Paolo Sorrentino returns to the Oscar fray eight years after he bagged the International Feature prize for The Great Beauty. His latest film, The Hand of God, has been one of the buzz films of the fall festivals, taking home the Venice Grand Jury Prize and also playing at Telluride and London.
Sorrentino’s most personal work to date touches on his own tumultuous childhood growing up in 1980s Naples, where his world was upended first by the electrifying arrival of soccer legend Diego Maradona, and then by a shocking accident.
As he tells us during the film’s panel at Deadline’s Contenders Film: International awards-season event, newcomer Fillipo Scotti had to go through a lengthy process to get the lead role, but throughout the production was keen to create a certain distance from Sorrentino’s own experience of the character:
“I tried to catch as much as I could from Paolo without really asking personal things because I wanted to see the character as a character and not as Paulo during his teenage years,” Scotti said. “I thought that would take away focus from the goal.”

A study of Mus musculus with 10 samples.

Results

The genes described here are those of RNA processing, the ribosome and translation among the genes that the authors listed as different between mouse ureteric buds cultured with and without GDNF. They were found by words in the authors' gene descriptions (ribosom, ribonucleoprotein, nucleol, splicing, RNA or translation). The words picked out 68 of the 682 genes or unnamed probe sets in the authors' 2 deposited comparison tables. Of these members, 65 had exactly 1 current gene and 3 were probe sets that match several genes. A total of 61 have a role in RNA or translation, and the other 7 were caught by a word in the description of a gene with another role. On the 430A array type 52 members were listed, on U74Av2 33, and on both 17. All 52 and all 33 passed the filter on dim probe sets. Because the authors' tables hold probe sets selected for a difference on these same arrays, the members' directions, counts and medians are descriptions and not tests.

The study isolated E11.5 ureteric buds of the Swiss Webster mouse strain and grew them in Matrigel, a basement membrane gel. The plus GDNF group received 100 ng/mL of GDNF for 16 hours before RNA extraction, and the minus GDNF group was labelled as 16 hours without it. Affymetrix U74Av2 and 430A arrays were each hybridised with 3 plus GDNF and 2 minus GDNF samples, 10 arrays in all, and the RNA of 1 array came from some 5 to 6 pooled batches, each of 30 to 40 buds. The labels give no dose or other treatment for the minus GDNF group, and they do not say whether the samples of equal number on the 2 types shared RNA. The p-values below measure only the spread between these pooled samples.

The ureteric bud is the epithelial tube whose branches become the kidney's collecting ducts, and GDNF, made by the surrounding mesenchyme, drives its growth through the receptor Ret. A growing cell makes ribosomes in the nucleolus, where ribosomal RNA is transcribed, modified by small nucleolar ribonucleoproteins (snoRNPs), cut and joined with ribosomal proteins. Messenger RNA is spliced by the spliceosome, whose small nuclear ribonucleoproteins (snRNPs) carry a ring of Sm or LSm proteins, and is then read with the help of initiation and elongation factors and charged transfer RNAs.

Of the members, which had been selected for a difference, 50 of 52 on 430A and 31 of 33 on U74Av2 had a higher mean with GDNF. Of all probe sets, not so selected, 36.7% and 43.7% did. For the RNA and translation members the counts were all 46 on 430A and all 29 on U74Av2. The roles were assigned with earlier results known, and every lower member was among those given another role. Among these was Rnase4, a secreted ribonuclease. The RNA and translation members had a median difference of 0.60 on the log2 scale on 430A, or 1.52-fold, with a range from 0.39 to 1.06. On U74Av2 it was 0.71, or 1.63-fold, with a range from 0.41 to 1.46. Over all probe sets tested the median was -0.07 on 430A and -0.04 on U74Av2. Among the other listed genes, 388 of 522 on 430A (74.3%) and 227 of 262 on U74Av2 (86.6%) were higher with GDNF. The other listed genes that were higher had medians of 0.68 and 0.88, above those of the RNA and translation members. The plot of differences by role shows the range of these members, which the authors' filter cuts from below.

Producer Lorenzo Mieli, who previously collaborated with Sorrentino on The Young Pope, was sensitive to the personal nature of the project and the fact the director was working with some new faces. “My task was to support Paolo with new people that he would partner with in order to create a warm, trustful and solid environment.”
Daria D’Antonio had worked in the camera team on multiple Sorrentino movies but this was her first turn as his main cinematographer. Her intention was to do “justice” to the narrative by ensuring that there was a humanized and “emotion-based” approach. “I really wanted to be faithful to Paolo’s life and memories… I was honored that he asked me. I was somebody who was already so emotionally close to him so this was a great help for me.”
The Hand of God is gearing for an Italian theatrical release November 24. In the U.S., it will stream on Netflix beginning December 15.
Check back Monday for the panel video.